The Bank of Gran and Grandad is expanding its student lending as the new academic year gets underway at universities across the UK, new research from equity release adviser Key shows.
More than one in three (35%) grandparents – around 4.9 million people – have already helped or are planning to help fund their grandchildren through university, its nationwide study shows.
Around 15% of grandparents say they have already contributed and another 20% are planning to help over the next 10 years, Key’s research found. It’s not just grandchildren being helped around 6% of over-55s homeowners will help nieces, nephews and godchildren.
Most are using their cash savings to support students but a growing number, around 11%, are looking at accessing property wealth for this purpose through downsizing, selling other properties, remortgaging and equity release.
The 412,490*** UK students starting courses at universities this month will value the support – graduates are estimated to leave university with average debts of £50,000 which they will start repaying once they earn above £25,725. The Government**** lends more than £16 billion a year through the Student Loans Company and more than £121 billion of loans are currently outstanding.
But most students will not need to repay the Bank of Gran and Grandad – Key’s research found nearly four out of five (79%) grandparents regard the cash as a gift while 18% expect students to only repay some of the money. Just 3% expect their money back.
The table below shows where the Bank of Gran and Grandad is finding the money to help students from.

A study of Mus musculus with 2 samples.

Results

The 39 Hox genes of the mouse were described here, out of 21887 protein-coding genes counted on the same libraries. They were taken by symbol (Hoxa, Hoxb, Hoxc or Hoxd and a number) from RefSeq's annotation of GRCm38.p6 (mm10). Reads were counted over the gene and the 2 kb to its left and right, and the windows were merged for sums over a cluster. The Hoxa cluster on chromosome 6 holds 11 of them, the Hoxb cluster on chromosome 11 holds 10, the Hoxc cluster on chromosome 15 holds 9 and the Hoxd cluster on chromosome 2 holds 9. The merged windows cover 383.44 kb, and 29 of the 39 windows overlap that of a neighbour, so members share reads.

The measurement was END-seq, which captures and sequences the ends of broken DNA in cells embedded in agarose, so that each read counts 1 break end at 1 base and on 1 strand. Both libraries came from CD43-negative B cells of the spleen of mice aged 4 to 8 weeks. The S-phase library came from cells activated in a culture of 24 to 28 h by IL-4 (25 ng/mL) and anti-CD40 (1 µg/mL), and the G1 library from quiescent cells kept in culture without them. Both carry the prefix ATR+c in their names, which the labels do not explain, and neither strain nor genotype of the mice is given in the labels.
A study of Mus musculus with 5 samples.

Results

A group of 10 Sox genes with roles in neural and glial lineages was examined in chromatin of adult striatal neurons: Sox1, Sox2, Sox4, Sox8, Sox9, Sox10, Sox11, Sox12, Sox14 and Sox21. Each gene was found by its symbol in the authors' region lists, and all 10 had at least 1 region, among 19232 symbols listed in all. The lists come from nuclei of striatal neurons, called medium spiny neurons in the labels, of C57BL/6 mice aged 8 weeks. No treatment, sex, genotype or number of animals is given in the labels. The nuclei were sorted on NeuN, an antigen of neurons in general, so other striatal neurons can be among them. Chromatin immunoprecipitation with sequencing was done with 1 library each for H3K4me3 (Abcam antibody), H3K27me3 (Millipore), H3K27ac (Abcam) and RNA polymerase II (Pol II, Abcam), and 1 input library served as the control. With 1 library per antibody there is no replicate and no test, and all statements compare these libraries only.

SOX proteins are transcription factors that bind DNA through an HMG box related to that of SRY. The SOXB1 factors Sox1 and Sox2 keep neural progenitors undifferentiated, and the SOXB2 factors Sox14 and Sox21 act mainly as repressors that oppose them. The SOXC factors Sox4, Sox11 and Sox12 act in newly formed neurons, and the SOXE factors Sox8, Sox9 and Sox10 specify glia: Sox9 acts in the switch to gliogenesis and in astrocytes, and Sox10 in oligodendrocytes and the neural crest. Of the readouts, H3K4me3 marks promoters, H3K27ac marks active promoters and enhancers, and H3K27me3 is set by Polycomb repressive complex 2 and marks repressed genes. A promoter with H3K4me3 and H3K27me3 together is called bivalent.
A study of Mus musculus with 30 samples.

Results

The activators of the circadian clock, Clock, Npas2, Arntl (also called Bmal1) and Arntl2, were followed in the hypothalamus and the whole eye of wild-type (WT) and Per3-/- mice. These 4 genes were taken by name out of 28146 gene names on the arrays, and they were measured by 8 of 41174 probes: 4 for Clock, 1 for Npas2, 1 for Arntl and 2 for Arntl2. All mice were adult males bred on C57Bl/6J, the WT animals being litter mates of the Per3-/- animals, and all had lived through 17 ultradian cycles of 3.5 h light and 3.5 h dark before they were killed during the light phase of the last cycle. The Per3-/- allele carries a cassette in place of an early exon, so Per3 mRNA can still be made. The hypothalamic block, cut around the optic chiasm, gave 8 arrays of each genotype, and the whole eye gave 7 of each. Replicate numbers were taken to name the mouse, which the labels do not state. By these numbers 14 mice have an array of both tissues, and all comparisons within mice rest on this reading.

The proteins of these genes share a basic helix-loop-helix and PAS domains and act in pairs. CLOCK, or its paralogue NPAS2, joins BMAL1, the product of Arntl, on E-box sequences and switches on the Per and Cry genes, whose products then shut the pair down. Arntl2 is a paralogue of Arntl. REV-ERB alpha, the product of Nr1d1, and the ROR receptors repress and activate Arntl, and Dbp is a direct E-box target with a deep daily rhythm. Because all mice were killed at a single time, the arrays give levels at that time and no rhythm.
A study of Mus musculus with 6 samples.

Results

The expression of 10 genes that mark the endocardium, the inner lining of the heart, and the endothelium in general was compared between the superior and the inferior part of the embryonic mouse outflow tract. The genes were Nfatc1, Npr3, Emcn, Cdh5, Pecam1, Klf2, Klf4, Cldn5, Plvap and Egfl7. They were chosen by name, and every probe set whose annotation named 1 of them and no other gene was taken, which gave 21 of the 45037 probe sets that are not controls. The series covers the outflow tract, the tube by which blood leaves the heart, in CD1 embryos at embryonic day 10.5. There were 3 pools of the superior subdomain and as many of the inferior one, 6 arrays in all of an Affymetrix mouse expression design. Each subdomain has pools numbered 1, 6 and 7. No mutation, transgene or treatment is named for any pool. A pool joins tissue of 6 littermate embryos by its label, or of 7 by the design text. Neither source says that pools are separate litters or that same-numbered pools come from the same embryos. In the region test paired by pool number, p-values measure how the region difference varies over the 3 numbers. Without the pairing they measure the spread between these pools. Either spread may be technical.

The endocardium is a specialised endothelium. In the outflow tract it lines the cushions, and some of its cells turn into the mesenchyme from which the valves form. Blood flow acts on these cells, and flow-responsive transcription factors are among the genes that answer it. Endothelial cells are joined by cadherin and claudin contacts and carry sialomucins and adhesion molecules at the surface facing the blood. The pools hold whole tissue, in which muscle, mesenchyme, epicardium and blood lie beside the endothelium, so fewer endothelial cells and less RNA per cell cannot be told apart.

|WHERE THE MONEY COMES FROM||PERCENTAGE|
|Selling other properties||2%|
|Unsecured personal loan||2%|
Will Hale CEO at Key said “The over-55s are a generous generation with many looking to help their loved ones, especially when it comes to something as important as education. The cost of higher education can seem daunting with students leaving university with average debts of £50,000 as well as their degrees.”
“While some of these student loans will eventually be written off, many successful graduates will find that they are using their hard-earned cash from their early years of employment to make these payments rather putting aside money for their first home or other long term goals.”
“Retired homeowners are mainly using savings to help fund university fees but are also turning to their property wealth using alternatives such as equity release to support families.”
“When making any significant financial decisions good specialist advice is key to ensuring older homeowners use their property wealth in the best way to support their own needs and aspirations and those of their families.”